It is easy to fill out a yellow card alert online about medication. An endo I saw yesterday was really suprised when I told her I gained weight on T4 thyroxine. Weight gain seems to be a little know side effect amongst medics and I wonder if they would be a bit keener to prescribe T3 if they knew what a common side effect weight gain is on T4. So I am suggesting that everyone from this forum who has experianced weight gain on t4 only medication fill out a yellow card alert for thyroxine and alert weight gain as a side effect. You just need to google yellow card to find website to do this and all the alerts are published.
Yellow card action: It is easy to fill out a... - Thyroid UK
You can access the reports produced as a result of yellow cards. They are known as Drug Analysis Prints (DAPs).
If you look at the ADR (Adverse Drug Reaction) report for levothyroxine you can find "Weight decreased" and "Weight increased" in the Investigations section of the report. For a report which covers the period from July 1964 - April 2016 there are only 22 reports of weight decreasing and 58 reports of weight increasing. This is out of a total of 1061 individual reports containing a total of 4591 separate drug reactions.
The problem with DAPs is that for most of the time period covered the only people reporting adverse drug reactions would have been doctors, and they would just assume that weight gain was the patient being greedy and lazy, so they wouldn't report it as a side effect. I imagine doctors very rarely report side effects anyway, even when they are sure it is a side effect of a prescribed drug.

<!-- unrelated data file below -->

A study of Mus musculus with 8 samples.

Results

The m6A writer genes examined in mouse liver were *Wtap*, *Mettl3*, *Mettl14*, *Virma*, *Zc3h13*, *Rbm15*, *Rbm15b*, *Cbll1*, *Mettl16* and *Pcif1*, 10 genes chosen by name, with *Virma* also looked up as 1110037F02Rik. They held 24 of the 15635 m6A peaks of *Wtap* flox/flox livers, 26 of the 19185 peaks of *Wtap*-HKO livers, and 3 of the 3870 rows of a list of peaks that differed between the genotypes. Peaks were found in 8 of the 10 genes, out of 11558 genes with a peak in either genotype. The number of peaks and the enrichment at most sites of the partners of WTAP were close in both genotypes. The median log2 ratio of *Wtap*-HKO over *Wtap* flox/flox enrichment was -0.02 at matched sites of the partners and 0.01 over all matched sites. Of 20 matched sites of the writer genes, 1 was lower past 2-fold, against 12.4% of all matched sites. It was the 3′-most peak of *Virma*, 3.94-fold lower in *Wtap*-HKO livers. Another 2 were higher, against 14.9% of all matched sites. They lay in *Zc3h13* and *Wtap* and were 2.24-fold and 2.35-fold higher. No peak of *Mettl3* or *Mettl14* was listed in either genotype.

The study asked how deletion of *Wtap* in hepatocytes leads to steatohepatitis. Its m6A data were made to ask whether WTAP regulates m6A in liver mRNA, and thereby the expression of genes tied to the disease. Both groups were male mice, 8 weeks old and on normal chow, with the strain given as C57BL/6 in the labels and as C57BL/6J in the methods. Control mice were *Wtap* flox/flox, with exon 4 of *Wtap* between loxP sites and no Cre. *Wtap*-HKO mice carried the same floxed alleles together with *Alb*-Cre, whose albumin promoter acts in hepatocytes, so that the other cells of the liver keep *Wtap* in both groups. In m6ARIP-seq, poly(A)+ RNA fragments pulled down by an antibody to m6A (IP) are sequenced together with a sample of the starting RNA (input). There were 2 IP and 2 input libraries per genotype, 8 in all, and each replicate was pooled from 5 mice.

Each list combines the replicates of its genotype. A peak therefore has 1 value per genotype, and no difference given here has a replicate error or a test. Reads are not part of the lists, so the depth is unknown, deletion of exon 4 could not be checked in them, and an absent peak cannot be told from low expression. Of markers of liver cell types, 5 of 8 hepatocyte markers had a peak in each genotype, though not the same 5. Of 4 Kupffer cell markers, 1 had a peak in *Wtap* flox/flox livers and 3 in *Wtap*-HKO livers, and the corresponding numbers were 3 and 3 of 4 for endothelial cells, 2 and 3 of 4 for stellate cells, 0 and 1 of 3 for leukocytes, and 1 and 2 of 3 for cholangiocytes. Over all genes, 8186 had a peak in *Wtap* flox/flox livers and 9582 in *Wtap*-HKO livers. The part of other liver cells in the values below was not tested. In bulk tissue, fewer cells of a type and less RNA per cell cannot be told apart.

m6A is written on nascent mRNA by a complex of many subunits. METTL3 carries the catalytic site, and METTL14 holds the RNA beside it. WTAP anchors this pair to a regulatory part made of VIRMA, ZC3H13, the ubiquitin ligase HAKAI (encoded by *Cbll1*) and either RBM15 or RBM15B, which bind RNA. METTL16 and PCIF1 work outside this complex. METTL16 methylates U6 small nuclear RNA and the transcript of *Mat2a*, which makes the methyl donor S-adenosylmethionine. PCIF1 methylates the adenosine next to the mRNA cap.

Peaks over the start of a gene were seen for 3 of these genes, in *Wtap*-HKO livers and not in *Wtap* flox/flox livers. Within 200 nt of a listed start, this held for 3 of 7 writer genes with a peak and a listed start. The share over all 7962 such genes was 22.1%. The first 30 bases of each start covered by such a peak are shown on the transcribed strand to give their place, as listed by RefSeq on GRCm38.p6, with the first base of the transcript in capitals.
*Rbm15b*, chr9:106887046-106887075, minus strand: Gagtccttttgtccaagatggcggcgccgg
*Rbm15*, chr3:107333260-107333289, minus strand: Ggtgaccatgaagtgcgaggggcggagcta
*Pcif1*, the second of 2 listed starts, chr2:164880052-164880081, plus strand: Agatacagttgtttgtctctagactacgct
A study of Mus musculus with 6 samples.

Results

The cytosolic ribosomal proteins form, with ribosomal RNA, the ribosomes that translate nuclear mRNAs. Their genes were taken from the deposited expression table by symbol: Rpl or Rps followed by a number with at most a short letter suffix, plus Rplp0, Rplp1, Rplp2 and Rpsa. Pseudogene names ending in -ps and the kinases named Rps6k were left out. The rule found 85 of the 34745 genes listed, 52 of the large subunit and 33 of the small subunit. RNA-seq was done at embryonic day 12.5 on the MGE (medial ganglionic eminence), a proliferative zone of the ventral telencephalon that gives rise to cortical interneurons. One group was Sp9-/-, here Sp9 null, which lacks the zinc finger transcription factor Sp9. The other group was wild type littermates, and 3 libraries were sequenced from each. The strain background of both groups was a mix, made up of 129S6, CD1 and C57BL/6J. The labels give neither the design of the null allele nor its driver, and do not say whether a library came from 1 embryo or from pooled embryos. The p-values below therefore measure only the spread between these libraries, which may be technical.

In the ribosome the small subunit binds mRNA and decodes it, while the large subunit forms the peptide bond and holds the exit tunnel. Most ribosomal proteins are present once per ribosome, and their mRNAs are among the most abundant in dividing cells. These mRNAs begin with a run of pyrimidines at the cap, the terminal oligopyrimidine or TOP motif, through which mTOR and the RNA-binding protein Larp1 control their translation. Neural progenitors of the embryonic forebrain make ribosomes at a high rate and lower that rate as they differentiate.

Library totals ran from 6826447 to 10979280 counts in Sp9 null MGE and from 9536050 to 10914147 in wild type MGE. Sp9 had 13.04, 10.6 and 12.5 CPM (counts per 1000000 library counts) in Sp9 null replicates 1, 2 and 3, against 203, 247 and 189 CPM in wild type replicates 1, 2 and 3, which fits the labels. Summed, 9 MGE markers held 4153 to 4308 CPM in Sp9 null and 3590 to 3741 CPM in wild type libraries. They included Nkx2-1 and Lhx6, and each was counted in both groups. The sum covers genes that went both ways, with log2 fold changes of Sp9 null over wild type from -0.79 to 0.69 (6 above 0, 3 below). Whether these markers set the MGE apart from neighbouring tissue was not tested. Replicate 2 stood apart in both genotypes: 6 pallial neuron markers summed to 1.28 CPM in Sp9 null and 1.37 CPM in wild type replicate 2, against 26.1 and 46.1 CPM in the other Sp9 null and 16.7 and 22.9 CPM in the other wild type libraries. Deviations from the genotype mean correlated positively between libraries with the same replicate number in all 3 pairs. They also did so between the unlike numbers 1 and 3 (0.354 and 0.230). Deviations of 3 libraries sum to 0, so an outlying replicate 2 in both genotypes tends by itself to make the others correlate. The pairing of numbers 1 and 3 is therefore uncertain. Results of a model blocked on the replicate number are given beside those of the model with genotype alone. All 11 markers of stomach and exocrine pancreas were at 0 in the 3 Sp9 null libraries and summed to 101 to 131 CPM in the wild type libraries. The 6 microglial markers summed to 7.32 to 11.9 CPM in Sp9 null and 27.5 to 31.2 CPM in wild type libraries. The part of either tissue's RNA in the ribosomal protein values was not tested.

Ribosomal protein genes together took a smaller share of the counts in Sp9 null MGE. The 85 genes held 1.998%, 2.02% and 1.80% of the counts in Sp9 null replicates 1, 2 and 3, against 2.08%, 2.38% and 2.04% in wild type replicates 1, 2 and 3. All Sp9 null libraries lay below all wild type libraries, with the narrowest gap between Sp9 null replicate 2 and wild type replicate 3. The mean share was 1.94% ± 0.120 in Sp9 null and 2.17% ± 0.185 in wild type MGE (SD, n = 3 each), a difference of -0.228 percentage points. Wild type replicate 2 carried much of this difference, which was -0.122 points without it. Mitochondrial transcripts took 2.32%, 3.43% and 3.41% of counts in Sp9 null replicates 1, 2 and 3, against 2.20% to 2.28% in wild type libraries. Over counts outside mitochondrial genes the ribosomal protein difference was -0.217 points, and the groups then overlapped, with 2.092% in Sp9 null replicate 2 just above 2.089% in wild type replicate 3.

I wonder how many people are even aware that they can send in yellow card reports themselves and their doctor doesn't have to be involved? I imagine the number must be vanishingly small.
It is also worth looking at the liothyronine (T3) report too.
In that report there is one report of a weight decrease and 20 reports of a weight increase - not exactly a ringing endorsement of T3 for weight loss, despite doctors assuming that we all take T3 to help us lose weight.
It is also interesting to note that there are no fatalities recorded on the T3 report. If you look at cardiac disorders there are only 23 reports in total, and 13 of those are for palpitations.
There are 12 fatal ADR reports on the levothyroxine report (in 52 years!)
I found 2 cases of osteroporosis reported on the levo report, and none on the T3 report.
On both the levo and the T3 report there are columns in which they report on ADRs for "multi active constituent products" i.e. NDT : Armour Thyroid, Erfa Thyroid and Nature-throid. Notice that there are no fatal reports, the only cardiac problem is one report of palpitations, and there are no reports of bone or muscle problems.
So if your doctor says that giving you more levo, or prescribing T3 or NDT will cause a heart attack and will give you osteoporosis, ask them for proof. Based on the yellow card system there isn't any.
There's research that shows that levothyroxine and weight gain can go hand-in-hand.
I think it is awful, when patient is feeling so very unwell and not on an optimum of thyroid hormones that makes them feel 'normal' and well again that they are castigated by the doctor who puts all the blame of 'weight gain' and 'assumes' that it is due to wrong diet. So, that's another thing they are ignorant about. Levo can cause weight gain particularly if dose isn't sufficient.